San Jose State students hold rally to end campus racism

Byby Janet O via KGO logo
Friday, March 18, 2016

SAN JOSE, Calif. (KGO) -- San Jose State University students say enough is enough. They are calling for an end to racism on campus starting with protesting the sentence that came down on Monday for the three former white students who put a bike lock around their black roommate D.J. Williams' neck.

Students at the rally say the verdict in William's case sends the wrong message and is a big step back for civil rights.

RELATED: 3 former SJSU students found guilty of battery against African American student

"Why we here if this was just a prank? Obviously it was not a prank. It was disrespectful and deliberate," said Donntay Moore-Thomas, a San Jose State student. "And for administration to not even mention it, they just fabricated it sugar-coated it, saying we are deeply saddened for the verdict."

Students say what's even more disappointing is the lack of leadership at San Jose State surrounding the incident.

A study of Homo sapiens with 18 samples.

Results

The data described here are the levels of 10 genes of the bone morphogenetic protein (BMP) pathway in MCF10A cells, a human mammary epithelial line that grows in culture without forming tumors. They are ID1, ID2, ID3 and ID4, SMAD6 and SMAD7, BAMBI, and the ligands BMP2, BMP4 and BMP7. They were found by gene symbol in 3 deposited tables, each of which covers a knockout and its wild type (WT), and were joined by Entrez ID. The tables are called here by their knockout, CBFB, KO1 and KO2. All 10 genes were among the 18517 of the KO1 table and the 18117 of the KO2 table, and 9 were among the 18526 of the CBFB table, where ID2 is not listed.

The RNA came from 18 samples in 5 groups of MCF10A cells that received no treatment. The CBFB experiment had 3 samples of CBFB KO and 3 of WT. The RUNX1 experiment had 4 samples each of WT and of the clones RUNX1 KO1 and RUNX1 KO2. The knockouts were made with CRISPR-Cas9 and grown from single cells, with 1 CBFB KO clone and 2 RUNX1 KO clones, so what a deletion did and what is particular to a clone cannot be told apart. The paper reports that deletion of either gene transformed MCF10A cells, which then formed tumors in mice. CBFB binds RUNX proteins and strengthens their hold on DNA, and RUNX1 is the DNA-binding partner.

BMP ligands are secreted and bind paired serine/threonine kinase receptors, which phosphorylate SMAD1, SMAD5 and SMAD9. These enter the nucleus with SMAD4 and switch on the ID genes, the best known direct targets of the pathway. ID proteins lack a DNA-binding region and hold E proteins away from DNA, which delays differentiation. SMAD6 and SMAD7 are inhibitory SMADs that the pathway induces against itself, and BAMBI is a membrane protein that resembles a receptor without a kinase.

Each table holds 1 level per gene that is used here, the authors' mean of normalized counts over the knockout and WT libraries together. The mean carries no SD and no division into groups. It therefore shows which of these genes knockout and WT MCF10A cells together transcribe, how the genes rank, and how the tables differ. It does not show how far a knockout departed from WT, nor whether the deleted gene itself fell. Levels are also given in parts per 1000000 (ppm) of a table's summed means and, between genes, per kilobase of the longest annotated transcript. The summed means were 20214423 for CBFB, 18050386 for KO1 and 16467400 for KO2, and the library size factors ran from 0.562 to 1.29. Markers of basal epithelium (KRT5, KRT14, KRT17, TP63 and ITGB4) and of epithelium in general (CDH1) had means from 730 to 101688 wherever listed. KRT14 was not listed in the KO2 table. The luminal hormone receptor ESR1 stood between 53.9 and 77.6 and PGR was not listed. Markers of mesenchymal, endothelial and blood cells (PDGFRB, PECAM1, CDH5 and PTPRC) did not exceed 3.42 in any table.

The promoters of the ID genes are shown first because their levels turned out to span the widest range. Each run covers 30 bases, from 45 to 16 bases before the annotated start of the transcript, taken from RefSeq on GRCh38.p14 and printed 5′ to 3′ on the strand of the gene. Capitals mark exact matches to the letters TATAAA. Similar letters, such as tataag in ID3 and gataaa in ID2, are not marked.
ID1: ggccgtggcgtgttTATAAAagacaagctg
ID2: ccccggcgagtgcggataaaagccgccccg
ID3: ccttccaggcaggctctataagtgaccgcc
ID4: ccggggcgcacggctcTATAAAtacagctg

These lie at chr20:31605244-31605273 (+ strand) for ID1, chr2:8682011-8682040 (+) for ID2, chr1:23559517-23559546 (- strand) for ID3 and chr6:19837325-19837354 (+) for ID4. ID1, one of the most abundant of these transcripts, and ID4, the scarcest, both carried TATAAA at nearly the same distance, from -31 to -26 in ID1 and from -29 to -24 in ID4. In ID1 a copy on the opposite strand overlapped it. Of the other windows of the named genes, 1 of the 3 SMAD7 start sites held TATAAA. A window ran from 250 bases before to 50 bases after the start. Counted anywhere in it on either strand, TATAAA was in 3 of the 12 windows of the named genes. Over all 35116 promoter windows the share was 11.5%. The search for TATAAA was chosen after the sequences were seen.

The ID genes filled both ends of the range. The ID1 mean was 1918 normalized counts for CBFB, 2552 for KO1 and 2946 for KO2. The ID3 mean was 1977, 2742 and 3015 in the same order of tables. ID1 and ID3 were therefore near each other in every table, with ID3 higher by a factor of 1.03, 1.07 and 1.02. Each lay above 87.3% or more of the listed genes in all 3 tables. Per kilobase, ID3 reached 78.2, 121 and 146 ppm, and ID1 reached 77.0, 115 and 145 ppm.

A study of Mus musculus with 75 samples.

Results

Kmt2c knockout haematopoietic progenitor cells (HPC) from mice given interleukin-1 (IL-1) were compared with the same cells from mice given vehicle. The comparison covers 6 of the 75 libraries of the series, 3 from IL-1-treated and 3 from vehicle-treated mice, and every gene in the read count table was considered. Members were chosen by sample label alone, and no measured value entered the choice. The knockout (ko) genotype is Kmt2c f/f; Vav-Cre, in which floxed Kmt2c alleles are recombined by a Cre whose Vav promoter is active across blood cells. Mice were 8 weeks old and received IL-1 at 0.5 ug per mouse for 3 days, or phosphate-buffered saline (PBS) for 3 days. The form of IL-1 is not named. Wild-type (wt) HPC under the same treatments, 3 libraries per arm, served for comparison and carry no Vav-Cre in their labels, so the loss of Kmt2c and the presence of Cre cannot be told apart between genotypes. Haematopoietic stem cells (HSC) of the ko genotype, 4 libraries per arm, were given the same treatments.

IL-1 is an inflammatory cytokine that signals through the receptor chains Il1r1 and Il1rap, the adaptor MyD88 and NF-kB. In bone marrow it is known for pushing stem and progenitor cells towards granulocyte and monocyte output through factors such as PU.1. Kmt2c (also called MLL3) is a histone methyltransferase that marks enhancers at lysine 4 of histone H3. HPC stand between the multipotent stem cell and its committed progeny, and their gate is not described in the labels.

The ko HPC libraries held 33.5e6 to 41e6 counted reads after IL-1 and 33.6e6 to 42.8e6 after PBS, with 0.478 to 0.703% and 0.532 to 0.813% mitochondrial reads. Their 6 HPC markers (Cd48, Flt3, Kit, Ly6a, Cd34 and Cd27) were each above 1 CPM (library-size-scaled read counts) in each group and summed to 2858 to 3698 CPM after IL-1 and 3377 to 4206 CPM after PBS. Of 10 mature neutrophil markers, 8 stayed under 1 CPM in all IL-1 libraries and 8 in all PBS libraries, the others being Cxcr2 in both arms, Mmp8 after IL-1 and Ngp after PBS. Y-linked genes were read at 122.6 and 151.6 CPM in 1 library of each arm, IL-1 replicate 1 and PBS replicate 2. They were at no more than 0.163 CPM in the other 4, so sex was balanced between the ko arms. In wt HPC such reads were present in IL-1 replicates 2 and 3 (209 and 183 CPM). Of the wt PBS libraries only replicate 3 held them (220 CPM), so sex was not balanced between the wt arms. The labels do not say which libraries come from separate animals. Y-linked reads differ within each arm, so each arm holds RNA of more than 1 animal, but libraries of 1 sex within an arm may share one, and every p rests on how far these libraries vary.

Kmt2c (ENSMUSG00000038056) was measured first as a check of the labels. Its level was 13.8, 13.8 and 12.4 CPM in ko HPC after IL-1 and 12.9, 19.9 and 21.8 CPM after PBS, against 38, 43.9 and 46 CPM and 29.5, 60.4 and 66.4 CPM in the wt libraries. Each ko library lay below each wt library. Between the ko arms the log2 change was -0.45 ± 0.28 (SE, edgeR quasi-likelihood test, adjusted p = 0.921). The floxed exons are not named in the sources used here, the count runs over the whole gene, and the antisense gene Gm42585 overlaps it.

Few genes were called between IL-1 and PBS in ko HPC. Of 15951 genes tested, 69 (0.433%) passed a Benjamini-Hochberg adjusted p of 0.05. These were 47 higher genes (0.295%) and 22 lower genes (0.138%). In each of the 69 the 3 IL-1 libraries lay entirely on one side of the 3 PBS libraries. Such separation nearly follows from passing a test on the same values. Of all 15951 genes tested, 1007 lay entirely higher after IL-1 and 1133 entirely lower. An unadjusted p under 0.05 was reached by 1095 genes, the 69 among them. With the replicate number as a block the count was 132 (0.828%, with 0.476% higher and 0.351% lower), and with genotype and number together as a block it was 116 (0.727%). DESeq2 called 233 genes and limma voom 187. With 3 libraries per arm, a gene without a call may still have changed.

On Monday, Williams' family members left the courthouse disappointed after the judge sentenced two of the three defendants to a mere 30 days in jail. The jury had declared it wasn't a hate crime when three white roommates put a bike lock around Williams' neck in the dorm room they shared.

Williams told school officials he had been harassed and called the N-word. San Jose State has since expelled the three white students and on Thursday they said they're trying to take the right steps to make sure all students feel safe.

"We made some strides and we have some ways to go as well," said San Jose State University vice president of campus life Sonja Daniels,

San Jose State says it has thus far implemented among many things diversity orientation for incoming students, training for staff and now they're working on opening a Chicano-Latino and African-American Resource Center.

The university is also hoping the biggest change will come when they hire someone to be the school's first ever chief diversity officer.

"I hope they bring breadth of leadership in terms of how do we assess our campus climate, how do we work with faculty, issues that are occurring inside the classroom, what's the student experience in the residence hall and campus life," Daniels said.

The four finalists will be on campus tomorrow to meet and talk with students and staff.